What a difference a few weeks makes.

The week of Jan. 24, as New Jersey — and in particular, hard-hit southern Shore communities — cleaned up from a storm that dumped a season's worth of snow on the Garden State, then-presidential candidate Chris Christie was facing heavy criticism from media pundits and local officials for downplaying the impact of the storm while returning to the campaign trail in New Hampshire.

Well, he seemed to be. Christie said at the time he hadn't heard any criticism and accused an MSNBC reporter of making the criticism up.

But in the former candidate's and still-governor's application for federal disaster relief Friday — seeking aid for 17 counties he said sustained an estimated $82.6 million in damages — Christie describes a far more serious impact on the Garden State than his tone at the time suggested.

To be fair, some of the language in the disaster relief application and accompanying press statement is boilerplate, echoing verbiage from past applications — and if you want the feds to cough up the cash, you've got to make the case there's a good reason.

(A little recent-history perspective: Christie initially said he didn't plan to return to New Jersey from the campaign, but that he could if circumstances changed — and shortly after, forecasts began predicting a more severe storm. He then returned the Friday evening of the storm weekend.

The state got pounded by snow, and Cape May County saw serious flooding that Saturday; more moderate flooding was experienced in Ocean and other parts north. Sunday saw continued flooding in Cape May, though not at nearly the levels of the day before. Wildwood police were still reporting flooding along several streets Sunday as well. Surf City Police said that Sunday they were overwhelmed with calls about which roads were passable as flooding continued, though some of the flooding had receded by then.Wildwood police were still reporting flooding along several streets Sunday as well.

Christie had said that Sunday “we have no concerns for flooding the rest of the day today” before returning to New Hampshire for a campaign appearance early afternoon.

Down Township Mayor Bob Campbell told NJ Advance Media he estimated damage of $100,000 to $200,000 in his community, though protective measures taken after Sandy helped prevent worse problems.)

Here's a quick look at what Christie said then and now:

THEN: “We’ve really done very very well in this storm, and we have no concerns about damage or damage from flooding anytime soon,” Christie said on CNN Sunday, Jan. 24, just before returning to New Hampshire. The governor said that reflected his conversations with local officials.

NOW: "These high tides, along with strong offshore winds of 60 miles per hour, contributed to a storm surge that caused coastal flooding in areas of southern New Jersey," Christie said in a press statement about the relief application (the language is in his relief application letter to President Barack Obama as well). "The cumulative effects from the storm and coastal flooding caused beach erosion and severely damaged or destroyed dunes, dune grass, crossovers, and bulkheads."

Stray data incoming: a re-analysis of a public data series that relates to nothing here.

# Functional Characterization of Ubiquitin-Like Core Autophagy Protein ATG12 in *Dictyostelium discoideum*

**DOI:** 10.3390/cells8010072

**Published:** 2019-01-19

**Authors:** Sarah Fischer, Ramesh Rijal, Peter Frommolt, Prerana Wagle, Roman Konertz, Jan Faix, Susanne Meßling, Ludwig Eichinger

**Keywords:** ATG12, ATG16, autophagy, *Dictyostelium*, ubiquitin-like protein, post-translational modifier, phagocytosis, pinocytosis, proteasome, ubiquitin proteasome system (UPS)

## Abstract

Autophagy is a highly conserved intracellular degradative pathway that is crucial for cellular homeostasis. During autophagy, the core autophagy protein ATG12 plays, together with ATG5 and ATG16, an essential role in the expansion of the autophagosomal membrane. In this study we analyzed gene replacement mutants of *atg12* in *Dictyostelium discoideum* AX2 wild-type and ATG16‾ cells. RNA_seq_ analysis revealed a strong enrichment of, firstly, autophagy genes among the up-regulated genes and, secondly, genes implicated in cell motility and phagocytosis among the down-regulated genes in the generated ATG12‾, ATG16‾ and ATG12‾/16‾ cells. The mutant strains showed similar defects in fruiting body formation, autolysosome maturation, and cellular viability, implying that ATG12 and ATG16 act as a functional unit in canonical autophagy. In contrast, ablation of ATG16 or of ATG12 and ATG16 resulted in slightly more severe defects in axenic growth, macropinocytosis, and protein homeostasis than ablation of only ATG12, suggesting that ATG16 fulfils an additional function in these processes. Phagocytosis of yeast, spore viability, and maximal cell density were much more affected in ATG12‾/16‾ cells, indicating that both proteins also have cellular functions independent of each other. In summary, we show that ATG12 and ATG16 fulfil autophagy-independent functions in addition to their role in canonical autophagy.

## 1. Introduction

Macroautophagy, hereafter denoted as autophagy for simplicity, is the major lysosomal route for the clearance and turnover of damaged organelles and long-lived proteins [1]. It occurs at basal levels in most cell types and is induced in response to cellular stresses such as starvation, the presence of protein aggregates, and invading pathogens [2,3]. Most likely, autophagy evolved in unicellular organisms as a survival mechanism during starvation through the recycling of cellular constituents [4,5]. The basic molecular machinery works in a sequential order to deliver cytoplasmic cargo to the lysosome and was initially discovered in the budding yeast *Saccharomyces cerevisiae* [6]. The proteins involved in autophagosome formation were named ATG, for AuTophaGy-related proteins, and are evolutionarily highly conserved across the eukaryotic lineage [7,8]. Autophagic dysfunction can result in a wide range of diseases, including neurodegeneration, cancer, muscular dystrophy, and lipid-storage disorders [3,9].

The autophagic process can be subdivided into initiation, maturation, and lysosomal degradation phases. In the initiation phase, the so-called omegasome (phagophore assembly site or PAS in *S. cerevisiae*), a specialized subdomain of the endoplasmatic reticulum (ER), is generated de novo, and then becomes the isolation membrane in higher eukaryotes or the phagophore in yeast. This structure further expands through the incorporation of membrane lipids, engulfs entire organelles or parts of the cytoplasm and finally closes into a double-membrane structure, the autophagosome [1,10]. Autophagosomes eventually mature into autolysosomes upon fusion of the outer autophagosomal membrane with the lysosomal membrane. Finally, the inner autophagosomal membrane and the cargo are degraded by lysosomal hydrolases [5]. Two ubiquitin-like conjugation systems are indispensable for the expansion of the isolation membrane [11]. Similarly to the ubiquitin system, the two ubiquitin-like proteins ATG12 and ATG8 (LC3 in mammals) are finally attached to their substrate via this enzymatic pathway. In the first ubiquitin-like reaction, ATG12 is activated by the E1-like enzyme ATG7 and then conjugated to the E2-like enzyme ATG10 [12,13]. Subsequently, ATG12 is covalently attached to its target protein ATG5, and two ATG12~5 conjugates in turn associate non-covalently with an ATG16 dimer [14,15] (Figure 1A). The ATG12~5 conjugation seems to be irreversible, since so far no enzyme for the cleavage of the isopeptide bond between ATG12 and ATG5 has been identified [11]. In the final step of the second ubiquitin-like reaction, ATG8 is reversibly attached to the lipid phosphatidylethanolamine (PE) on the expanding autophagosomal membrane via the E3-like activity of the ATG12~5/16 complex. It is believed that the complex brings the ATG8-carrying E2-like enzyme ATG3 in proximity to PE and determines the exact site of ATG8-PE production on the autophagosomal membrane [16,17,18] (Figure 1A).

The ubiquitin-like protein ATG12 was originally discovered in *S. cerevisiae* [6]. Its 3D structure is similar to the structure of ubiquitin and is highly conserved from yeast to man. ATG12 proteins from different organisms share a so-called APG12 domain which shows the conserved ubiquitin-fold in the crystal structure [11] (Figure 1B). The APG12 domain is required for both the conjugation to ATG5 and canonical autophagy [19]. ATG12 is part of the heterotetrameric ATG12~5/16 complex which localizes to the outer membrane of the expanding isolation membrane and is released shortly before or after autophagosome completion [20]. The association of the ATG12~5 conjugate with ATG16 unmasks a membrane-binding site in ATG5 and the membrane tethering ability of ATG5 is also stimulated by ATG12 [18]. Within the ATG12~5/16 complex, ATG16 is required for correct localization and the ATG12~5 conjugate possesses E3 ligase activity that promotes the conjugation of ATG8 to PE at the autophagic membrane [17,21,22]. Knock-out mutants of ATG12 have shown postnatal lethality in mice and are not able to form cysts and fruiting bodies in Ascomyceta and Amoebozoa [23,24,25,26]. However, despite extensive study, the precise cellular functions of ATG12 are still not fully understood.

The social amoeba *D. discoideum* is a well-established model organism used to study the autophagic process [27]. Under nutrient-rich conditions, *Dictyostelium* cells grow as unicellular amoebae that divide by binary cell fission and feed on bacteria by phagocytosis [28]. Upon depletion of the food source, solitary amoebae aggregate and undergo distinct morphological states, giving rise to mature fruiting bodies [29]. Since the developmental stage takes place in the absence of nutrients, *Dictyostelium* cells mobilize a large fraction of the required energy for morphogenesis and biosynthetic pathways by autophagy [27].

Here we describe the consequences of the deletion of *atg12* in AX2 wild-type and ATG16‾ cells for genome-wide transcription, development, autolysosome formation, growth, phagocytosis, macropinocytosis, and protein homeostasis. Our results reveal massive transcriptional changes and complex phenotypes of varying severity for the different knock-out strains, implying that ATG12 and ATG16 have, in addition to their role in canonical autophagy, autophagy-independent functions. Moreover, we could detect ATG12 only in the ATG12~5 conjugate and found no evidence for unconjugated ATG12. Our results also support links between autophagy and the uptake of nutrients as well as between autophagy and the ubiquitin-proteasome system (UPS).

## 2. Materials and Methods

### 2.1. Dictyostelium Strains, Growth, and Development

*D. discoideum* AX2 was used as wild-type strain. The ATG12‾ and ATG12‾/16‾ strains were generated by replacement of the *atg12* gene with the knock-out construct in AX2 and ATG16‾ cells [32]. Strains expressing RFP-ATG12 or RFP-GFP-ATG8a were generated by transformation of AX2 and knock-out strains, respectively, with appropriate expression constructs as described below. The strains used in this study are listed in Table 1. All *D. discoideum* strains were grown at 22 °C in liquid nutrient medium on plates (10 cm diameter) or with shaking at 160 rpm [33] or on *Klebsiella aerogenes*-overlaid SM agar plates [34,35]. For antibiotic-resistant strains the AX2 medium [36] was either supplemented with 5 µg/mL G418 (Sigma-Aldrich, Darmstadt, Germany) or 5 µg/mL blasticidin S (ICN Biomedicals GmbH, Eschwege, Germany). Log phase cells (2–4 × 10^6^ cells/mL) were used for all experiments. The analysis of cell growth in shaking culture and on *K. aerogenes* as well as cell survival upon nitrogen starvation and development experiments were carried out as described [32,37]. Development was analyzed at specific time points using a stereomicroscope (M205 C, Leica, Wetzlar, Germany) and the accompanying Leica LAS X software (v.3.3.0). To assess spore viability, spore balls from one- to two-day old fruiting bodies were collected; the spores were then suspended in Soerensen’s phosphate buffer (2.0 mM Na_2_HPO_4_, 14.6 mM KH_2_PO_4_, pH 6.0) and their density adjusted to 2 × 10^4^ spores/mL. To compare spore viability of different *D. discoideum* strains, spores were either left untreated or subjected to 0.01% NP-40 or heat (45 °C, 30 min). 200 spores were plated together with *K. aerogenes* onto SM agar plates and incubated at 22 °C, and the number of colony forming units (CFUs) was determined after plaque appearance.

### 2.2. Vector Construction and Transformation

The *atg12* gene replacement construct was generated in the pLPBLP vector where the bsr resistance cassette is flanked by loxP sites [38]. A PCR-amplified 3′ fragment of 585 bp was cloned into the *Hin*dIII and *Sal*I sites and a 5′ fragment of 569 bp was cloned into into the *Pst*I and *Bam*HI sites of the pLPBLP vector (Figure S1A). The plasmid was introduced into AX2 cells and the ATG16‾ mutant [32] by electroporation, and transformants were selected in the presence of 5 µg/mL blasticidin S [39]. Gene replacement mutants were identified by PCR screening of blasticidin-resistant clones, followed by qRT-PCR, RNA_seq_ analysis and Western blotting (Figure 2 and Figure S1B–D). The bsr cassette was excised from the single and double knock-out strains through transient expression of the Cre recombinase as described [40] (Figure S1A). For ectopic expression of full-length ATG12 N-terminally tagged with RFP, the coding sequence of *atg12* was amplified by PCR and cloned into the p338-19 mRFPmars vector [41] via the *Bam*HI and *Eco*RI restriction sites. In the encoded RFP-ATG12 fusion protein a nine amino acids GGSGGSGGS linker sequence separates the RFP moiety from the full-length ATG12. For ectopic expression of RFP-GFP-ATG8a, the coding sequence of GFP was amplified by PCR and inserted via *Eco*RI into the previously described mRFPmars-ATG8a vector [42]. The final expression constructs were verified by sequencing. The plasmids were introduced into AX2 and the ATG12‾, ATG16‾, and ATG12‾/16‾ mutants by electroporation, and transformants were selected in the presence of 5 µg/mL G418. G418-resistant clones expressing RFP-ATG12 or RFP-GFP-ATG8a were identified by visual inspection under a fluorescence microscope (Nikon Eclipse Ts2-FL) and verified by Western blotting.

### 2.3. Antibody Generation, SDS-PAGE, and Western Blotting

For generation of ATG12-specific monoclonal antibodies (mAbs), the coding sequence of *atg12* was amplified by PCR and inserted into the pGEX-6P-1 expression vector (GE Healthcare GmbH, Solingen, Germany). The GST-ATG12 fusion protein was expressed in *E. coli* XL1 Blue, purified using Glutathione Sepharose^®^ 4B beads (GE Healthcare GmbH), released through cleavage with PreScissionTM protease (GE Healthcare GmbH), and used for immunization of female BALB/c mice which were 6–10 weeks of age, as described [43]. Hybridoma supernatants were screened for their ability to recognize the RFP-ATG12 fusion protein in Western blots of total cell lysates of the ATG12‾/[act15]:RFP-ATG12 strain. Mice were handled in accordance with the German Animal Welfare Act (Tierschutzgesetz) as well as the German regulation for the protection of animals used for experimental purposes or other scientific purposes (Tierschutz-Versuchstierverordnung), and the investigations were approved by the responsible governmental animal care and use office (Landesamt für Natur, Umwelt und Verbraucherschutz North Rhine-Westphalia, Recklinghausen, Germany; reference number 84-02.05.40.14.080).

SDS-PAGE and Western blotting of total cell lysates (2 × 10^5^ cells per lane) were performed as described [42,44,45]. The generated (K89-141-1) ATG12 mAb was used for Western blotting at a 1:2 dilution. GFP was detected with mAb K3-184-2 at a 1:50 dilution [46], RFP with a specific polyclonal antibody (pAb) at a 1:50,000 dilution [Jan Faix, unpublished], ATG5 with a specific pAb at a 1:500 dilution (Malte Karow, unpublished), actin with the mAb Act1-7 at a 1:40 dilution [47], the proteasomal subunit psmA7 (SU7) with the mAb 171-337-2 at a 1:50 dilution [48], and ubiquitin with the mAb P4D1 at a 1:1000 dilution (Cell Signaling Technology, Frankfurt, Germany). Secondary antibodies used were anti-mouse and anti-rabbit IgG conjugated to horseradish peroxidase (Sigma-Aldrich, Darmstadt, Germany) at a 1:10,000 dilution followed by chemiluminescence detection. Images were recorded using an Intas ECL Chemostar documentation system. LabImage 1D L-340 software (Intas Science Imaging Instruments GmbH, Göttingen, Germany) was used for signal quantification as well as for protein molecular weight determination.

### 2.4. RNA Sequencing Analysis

THEN: "We managed the storm extraordinarily well, New Jersey Transit was back at noon yesterday after the storm, our roads were all open as of 7 a.m. yesterday and so, you know, I think that’s just folks who want to criticize me for anything that I do," Christie said on MSNBC's Morning Joe the Monday following the storm.

NOW: "I have determined that this incident is of such severity and magnitude that an effective response is beyond the capabilities of the state and the affected county and local governments, and that federal assistance is necessary to supplement the efforts and available resources of state, county, and local governments and disaster relief organizations," Christie said in the disaster relief press statement.

THEN: Christie on the Morning Joe appearance, accused Huffington Post reporter Sam Stein of “making up” stories about criticism for ignoring heavy damage. “I don’t even know what critics you’re talking about,” Christie said, “There is no residual damage, there is no residual flooding damage."

NOW: The disaster recovery application letter states: "The erosion and damages to these protective coastal barrier systems are to the point where a future five-year storm will cause damage to improved property. Should additional storms impact the area, the state will also be at risk of additional flooding because of the damage to dune systems from this storm."

THEN: During a town hall in Hooksett, N.H., the Monday after the storm, the first question came from a woman who said she went to school in New Jersey and and asked the governor on behalf of her friends and family from New Jersey why he was in New Hampshire and not surveying blizzard damage. She said she'd seen pictures of flooding all over the state.

Christie replied, “All over the state? Really? There’s been one county that’s flooded in the state. That was Cape May County. I don’t know where from ‘all over the state’ since we have 21 counties where that’s happened. I don’t know what you expect me to do. Do you want me to go down there with a mop?” (He later said he believed the woman was a plant from another campaign.)

NOW(ish) (more like a few days after THEN): Christie, later questioned about the mop comment, told reporters: “I was here. You can’t be AWOL when you’re here. Yeah, I’ve been here plenty. It’s a joke — if you don’t like the joke you don’t like it, that’s all.” But he did apologize for calling North Wildwood's mayor "crazy" for having said the storm hit his area worse than superstorm Sandy did.